Friday, April 6, 2012

Jesus as the Great Scapegoat

I don't talk of this very often in church meetings, since it is radical in that setting and would not be understood by many, but I view Jesus' "role" much more symbolically than the vast majority of Christians. I can't comprehend a "physical" atonement, but I am fine with that possibility. I can appreciate it and count it as a great concept. However, I gain more meaning from seeing Jesus of Nazareth as the great scapegoat.

Most of you probably are aware of this, but in ancient Israel on Yom Kippur the high priest symbolically laid the sins of the people on the head of a goat, and the goat was driven from the community into the wilderness - carrying the people's sins from them, so the people could be "right with God". The goat and the sins it carried were allowed to "escape" from the community; thus, it was known as the "scapegoat". This goat, having been a domestic goat and having escaped into the wilderness, inevitably died as a result of being chosen as the people's scapegoat. (see Leviticus 16:8,10,26.)

I choose to see the life and death of Jesus of Nazareth in the light of the scapegoat. I believe the great High Priest (God, the Father) symbolically laid the sins of his children on the head of the great Scapegoat (Jesus, the Christ) and allowed that scapegoat to be driven from and killed by the community. As a result, nobody needed thereafter to suffer for others' sins - to be a sin-scapegoat. As a result, we in the LDS Church can say that "mankind will be punished for their own sins and not for Adam's transgression" - but we also can speak of a Savior and Redeemer who has "taken our sins upon Him" and allowed us to repent (become right with God).

I see most of the things we learn from the life of Jesus in this same light. For example:

1) Is political oppression the great evil from which mankind needs to be delivered? No, the great evil is interpersonal oppression and lack of love. Fix that problem, and political oppression ceases.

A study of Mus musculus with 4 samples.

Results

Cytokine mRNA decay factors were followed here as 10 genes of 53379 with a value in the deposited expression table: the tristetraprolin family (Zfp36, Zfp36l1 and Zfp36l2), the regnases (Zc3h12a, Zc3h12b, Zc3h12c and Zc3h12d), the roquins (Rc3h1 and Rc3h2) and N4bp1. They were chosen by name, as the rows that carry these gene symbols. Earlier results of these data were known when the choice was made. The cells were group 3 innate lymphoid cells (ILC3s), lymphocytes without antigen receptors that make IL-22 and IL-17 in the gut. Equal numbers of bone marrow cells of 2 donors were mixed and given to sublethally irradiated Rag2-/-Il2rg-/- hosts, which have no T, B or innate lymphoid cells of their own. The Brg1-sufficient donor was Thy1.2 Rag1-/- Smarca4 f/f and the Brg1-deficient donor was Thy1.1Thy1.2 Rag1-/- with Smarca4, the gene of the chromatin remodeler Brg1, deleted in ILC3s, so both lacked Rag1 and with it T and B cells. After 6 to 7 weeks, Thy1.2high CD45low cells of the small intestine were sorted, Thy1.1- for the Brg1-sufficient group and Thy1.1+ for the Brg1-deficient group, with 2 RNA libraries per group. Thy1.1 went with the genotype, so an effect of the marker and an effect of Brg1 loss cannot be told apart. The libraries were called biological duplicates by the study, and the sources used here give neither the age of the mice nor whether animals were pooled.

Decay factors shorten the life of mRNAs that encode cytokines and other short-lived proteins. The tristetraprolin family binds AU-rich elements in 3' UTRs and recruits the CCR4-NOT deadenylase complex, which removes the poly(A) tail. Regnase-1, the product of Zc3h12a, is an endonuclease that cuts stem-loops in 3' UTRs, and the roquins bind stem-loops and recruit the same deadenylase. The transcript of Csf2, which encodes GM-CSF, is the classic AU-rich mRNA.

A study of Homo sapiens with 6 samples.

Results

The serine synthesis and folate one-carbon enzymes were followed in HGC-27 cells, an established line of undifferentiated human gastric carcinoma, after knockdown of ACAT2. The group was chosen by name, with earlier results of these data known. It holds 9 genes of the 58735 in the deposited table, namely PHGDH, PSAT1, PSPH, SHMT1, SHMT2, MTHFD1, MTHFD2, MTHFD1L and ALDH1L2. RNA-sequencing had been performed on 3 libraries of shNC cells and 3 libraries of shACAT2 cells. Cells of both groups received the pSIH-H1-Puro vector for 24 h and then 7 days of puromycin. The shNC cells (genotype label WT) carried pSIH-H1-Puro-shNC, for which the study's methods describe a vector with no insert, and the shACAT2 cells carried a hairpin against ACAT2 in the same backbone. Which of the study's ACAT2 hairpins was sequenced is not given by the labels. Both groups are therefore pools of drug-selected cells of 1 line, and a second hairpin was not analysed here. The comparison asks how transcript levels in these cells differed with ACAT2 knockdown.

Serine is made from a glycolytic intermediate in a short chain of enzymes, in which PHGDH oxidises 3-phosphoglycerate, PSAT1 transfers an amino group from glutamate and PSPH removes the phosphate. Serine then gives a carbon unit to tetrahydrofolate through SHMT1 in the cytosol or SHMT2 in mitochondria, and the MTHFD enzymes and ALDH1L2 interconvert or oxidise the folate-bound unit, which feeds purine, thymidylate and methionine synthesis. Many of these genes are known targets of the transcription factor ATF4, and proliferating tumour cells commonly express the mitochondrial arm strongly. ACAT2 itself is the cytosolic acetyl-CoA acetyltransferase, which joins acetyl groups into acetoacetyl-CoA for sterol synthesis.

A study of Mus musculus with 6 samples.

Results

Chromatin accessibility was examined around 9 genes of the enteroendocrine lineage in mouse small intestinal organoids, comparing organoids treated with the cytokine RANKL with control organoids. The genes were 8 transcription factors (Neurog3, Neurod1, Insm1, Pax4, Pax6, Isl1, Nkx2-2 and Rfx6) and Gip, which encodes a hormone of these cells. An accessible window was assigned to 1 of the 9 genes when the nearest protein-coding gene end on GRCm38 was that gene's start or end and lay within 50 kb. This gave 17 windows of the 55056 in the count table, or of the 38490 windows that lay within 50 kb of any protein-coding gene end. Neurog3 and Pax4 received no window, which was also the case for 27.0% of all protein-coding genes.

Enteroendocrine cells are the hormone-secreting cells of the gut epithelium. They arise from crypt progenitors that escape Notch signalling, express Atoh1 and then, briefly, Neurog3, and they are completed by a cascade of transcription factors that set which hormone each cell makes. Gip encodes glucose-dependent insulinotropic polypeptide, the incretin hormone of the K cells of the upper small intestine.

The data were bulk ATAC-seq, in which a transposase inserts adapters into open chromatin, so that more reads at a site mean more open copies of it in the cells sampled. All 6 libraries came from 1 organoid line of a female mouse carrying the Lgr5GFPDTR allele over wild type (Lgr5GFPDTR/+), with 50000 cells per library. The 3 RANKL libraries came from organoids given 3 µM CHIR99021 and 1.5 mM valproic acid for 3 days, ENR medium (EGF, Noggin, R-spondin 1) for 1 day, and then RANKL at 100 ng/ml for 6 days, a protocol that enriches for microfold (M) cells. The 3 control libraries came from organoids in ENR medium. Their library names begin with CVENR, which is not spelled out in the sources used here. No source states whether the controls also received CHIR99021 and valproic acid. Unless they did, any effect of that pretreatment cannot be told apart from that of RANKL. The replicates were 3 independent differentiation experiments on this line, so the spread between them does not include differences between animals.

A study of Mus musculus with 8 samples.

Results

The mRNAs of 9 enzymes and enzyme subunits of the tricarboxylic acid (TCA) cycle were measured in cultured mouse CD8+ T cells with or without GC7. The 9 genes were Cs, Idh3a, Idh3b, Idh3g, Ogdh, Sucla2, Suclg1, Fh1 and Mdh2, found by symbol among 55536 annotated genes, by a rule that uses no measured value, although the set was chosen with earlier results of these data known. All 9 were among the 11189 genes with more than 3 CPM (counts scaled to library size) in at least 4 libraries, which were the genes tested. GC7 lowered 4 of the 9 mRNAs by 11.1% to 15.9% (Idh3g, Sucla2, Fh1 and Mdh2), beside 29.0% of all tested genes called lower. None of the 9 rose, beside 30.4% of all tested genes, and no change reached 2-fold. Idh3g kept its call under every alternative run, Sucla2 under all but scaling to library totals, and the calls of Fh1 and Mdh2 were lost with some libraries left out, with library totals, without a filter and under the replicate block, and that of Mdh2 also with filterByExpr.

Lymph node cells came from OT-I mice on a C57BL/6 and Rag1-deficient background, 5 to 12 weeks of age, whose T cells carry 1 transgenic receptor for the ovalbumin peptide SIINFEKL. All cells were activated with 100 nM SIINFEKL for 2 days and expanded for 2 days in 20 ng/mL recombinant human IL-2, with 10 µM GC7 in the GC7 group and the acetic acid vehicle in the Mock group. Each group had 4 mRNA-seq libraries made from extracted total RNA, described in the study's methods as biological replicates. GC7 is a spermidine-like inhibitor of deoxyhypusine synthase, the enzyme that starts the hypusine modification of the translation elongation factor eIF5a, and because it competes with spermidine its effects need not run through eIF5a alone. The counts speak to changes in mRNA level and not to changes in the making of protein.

2) Is it enough to wait on the glory of the hereafter and ignore the suffering around us (or even gloify that suffering in others from the relative comfort of our own judgment seats)? No, God works among the poor and needy to alleviate their suffering in the here and now - because love is a verb that must be shown to be real. The hereafter will take care of itself, but we are called to change the world into a heaven on earth - even amid earthly oppression.

3) Will we have bodies in the here-after similar to those we have now, only with changes that will make them immortal, as a result of the resurrection of Jesus? (In other words, did Jesus really rise from the tomb in a physically unique way - allowing us to rise in the same way?) I don't know, but I love and accept that concept even if I can't understand it literally, since I am open to the idea that ALL matter is "tangible" to those who can "see" it - AND because of the wonderful symbolism of valuing our mortal bodies as potentially eternal.

I want Jesus to have been the Son of God - my Savior and Redeemer - a real, living person who was humanity's great scapegoat - but that is largely because I absolutely LOVE the symbolism I find in his life and the power that symbolism gives to my life.